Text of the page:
I’ve just finished reading James Clear’s 2018 best-selling book entitled Atomic Habits, and I cannot say enough how much I enjoyed it. I consider myself to be a person with pretty decent habits; I go to the gym several days a week; I avoid alcohol; I eat healthily; I stick to a regular work schedule. Nevertheless, this book definitely helped me to consider how I can improve upon my habits in a way that will help me even more.
Instead of trying to summarize the book for you (because I am really hoping that you will read it), I want to share three anecdotes or lessons that really resonated with me and will help me to develop or improve on my existing habits and hopefully be more successful.
How to Develop Good or Better Habits
Use Two Mason Jars and Paper Clips
One of the easiest lessons in the book that I think will really resonate with real estate professionals has to do with telephone habits. Truth be told, there are many real estate pros that hate making calls. Nevertheless, dialing is the lifeblood of our industry. In one chapter, the following method for sticking to good daily dialing is to put two mason jars on your desk. One empty, and the other with the exact number of paperclips for the number of calls you want to make. Say you want to make 20 calls per day; put 20 clips in one jar. After each call, you move one clip from the full jar to the empty jar. Your calls are completed when all the clips have moved to the empty jar.
Visual cues can keep you motivated to complete a task.
Grading Strategies in Photography Class
A professor has a large photography class. He decided that he will do the following experiment with his students: half the class will be graded 100% on one photo that they worked on all semester, and the other half will be graded on the number of photos that they turn in (the higher the number of photos, the better the grade). At the end of the semester, the very best photos actually came from the students being graded by the number of photos they took and turned in. This is because the sheer volume gave them more experience and helped them to be better at this task. With respect to developing good habits, the point here is to just do it—just do something every day.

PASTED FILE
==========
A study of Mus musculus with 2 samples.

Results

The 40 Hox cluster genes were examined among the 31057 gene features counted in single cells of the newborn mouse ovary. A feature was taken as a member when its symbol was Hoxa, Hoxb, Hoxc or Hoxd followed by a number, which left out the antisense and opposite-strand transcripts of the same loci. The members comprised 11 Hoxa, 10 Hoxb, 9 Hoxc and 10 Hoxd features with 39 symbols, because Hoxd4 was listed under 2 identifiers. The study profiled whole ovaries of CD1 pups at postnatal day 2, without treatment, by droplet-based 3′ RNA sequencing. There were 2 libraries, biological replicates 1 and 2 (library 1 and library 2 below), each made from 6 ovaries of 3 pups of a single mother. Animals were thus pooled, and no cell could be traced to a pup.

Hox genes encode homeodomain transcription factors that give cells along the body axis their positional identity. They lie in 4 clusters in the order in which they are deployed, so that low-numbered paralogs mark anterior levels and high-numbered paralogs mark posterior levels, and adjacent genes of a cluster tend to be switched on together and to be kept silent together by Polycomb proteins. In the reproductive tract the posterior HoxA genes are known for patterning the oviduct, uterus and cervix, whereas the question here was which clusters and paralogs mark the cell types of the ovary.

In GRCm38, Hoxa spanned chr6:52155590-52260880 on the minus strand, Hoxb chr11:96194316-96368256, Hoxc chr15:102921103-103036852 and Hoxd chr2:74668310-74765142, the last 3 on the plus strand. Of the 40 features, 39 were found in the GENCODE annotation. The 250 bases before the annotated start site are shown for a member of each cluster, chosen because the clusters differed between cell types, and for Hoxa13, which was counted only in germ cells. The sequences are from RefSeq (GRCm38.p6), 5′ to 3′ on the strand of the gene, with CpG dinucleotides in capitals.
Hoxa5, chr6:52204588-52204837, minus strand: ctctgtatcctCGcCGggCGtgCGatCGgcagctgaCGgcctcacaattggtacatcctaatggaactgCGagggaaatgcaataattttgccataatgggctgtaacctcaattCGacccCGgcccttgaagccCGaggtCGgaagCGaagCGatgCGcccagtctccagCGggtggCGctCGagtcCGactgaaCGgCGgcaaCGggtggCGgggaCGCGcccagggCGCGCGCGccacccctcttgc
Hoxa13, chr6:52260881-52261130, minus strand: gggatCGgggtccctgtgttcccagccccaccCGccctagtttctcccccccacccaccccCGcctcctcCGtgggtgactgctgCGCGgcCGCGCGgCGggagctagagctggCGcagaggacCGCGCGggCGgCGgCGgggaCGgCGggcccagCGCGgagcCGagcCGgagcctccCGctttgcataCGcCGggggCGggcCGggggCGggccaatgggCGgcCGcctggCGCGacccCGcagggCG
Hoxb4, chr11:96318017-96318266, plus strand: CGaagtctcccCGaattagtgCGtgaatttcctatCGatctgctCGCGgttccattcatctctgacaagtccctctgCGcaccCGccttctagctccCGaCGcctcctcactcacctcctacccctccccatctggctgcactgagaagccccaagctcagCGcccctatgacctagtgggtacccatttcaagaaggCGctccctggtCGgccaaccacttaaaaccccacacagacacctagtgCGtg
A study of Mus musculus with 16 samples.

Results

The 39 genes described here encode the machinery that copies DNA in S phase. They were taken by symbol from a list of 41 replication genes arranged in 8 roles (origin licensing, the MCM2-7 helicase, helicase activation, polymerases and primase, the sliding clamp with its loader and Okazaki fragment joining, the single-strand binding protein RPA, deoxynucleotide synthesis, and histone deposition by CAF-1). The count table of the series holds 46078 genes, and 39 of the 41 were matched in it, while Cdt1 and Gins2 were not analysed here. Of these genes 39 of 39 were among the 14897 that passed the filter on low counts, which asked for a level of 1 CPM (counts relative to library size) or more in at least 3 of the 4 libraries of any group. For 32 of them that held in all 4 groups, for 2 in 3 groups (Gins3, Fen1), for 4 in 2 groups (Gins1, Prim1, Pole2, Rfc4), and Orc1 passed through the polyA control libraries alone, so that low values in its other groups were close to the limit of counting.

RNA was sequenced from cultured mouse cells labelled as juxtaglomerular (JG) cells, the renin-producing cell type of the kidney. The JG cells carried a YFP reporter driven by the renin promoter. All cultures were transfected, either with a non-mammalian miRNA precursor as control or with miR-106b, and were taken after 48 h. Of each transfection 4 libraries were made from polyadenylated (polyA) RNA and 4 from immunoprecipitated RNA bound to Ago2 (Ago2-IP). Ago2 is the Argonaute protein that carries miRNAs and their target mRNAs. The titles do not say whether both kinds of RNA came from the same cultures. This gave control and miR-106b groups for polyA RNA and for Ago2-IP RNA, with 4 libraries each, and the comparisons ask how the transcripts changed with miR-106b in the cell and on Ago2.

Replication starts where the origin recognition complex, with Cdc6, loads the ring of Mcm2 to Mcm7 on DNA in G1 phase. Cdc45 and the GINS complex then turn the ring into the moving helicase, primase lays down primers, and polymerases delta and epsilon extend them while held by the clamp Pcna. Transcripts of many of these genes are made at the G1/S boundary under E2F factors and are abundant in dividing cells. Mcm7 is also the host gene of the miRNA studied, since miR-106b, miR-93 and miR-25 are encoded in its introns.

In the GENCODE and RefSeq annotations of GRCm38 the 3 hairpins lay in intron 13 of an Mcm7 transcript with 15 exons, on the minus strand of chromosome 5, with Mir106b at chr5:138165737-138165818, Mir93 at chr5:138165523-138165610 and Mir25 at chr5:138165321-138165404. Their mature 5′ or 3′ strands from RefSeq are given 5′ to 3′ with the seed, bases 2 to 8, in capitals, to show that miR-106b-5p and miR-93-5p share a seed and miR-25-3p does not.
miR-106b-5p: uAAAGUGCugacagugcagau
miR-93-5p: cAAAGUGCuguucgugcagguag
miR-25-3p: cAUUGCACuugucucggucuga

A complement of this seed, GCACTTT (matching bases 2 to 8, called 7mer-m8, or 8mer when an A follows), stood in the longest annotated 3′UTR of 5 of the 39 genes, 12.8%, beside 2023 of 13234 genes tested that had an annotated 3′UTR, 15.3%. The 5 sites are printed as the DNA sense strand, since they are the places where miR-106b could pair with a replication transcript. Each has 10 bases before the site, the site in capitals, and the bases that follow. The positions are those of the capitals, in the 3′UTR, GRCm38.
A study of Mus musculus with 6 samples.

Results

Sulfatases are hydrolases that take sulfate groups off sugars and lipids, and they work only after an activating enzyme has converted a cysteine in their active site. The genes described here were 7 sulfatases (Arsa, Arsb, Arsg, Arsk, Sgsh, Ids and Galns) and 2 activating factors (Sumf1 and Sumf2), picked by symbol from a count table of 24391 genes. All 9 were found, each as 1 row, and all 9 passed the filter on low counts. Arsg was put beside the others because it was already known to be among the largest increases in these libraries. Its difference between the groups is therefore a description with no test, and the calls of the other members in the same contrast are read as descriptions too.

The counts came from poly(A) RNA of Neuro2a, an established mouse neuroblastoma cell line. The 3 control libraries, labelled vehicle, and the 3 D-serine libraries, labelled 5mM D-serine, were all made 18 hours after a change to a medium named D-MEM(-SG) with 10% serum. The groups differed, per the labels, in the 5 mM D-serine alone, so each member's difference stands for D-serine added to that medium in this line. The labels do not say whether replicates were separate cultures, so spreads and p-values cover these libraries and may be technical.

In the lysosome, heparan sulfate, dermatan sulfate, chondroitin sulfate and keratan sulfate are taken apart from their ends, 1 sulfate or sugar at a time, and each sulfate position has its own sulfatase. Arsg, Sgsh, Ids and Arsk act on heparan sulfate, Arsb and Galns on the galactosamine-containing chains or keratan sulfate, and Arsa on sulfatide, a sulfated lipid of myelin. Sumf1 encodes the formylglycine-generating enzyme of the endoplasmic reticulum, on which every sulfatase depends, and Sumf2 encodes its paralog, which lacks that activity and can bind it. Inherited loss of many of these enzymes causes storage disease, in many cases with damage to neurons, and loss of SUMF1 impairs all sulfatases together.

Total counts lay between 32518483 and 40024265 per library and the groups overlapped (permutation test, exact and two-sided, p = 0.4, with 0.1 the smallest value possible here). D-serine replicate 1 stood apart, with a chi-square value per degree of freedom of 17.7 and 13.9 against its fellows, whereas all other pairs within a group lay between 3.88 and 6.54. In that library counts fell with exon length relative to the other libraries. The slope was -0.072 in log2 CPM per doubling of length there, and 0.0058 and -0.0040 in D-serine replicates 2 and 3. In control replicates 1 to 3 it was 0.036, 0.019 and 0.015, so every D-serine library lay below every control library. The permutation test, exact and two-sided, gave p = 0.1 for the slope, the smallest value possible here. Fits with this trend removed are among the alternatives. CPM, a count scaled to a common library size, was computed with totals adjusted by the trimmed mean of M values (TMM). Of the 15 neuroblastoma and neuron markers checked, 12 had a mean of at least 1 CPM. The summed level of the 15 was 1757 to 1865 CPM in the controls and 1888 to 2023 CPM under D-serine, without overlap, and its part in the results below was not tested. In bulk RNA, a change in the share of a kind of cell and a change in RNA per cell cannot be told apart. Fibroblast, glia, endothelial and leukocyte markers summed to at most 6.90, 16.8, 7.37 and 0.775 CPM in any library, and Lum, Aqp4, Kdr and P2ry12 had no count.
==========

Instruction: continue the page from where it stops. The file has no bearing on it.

Don’t obsess about whether you did it perfectly, but show up and do something and incrementally (like compound interest) your habit will develop.
The Failure of the British Cycling Team
Clear also tells a great story about a British cycling team that was apparently so terrible that nobody wanted to sponsor them. Can you imagine being so bad that brand name products don’t want to be associated with your team? At some point, the team hired a new coach. This coach tried to make small improvements across the board: new bike seats, modified uniforms, and different diet for the team among many other things. And, lo and behold, in a very short period of time, some of the team members were winners in the Tour de France. Making small and minor changes that make a difference of even one percent if they are successful in multiple areas will help improve things overall. This is what is known as the aggregation of marginal gains.
If a real estate agent, for example, makes just one more call each day or sends one more email newsletter each month, over time the results will be evident.
Developing good or better habits starts with you. And, if you are not much of a reader and are thinking about incorporating reading into your 2020 routine, why not start with Atomic Habits by James Clear? You’ll be glad you did!
What else am I reading? I don’t always read business books; I read all sorts. In case you are looking for book recommendations, here are the last 5 books I’ve read: Smart People Should Build Things (Andrew Yang), The Storyteller (Jodi Picoult), Inheritance (Dani Shapiro), The Nickel Boys (Colson Whitehead), Talking to Strangers (Malcolm Gladwell).